Bulk of the young Australian workforce known as millenials is not keen on staying long in their jobs. Four out of five said in a survey that more than five years will be too much in a job.
These are the findings of a recently held annual global study called Deloitte Millennial Survey. Noting that millennials are short on employer loyalty, the survey said they are seeking increased leadership opportunities and workplace flexibility. It also said millenials will account for 75 percent of the global workforce by 2025.
“The millennials we interviewed globally place great importance on working for an organisation with innovative leaders who offer meaningful work,” Deloitte Australia’s Chief Operating Officer David Hill said.
According to the survey, 69 percent of the Australian millennials want to leave their employer in the next two years. This is because most of them are unhappy with the way their leadership skills are being groomed. The term millennials are reserved for those born after 1982. They now constitute a significant proportion of the younger professionals, reports AAP.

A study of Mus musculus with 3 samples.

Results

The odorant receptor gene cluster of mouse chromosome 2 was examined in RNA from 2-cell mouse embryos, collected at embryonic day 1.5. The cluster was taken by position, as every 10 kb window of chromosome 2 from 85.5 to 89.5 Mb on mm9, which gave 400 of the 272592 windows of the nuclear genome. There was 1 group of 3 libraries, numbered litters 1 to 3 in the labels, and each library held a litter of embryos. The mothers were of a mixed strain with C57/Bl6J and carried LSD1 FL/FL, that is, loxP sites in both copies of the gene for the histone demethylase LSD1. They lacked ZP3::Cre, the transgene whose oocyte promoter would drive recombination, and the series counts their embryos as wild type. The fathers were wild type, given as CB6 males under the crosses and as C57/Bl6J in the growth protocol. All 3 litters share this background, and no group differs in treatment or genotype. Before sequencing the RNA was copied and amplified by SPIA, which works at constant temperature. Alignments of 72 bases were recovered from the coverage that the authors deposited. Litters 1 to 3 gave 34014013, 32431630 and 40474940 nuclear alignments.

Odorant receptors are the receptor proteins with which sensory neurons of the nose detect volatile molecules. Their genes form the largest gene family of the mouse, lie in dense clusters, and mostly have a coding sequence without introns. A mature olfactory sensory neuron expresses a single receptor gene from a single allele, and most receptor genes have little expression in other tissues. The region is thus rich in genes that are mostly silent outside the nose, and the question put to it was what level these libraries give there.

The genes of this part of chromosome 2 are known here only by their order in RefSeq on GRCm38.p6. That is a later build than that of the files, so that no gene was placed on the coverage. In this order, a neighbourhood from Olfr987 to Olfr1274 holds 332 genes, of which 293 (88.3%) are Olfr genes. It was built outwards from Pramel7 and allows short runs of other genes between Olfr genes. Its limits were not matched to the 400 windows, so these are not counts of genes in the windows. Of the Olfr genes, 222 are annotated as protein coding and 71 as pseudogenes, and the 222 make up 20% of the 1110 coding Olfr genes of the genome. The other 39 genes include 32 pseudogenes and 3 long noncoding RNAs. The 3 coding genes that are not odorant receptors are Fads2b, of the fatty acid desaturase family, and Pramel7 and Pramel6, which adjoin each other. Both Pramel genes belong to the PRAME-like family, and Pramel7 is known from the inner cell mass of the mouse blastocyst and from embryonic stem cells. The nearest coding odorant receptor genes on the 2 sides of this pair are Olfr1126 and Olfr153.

In other words, millennials want more fire in their jobs and greater involvement in driving the future of the organisation. Hill said good employers listen to the ideas of their younger staff. He said a failure in harnessing the energy and zeal of younger work force will increase the attrition rates.
The survey surmises that workplace loyalty has strong linkage with opportunities in climbing the corporate ladder. Workplace flexibility and a sense of purpose that transcends profit motives are other pull factors.
The study covered 7,700 young professionals worldwide. Some of the findings of the survey could be bad news for many employers. This is because many said the values they seek from a job will remain unchanged even with the passage of time.
The Deloitte survey also noted that those who are staying on with the jobs are lured by a strong sense of corporate purpose and leadership opportunities ahead. Meanwhile, a report of the PricewaterhouseCoopers released by the Australian Higher Education Industrial Association assumes significance. This followed the view that Australian universities needed help in navigating the economic changes.
According to a report in The Australian, Australian Universities had been ahead in adapting to changes. The government statistics showed that between 1996 and 2012, Australian universities doubled the number of award course completions. During the same period, the number of international students also increased six-fold. It further implied that until the global financial crisis affected the hiring rates, the university graduates had the brightest full-time employment rates.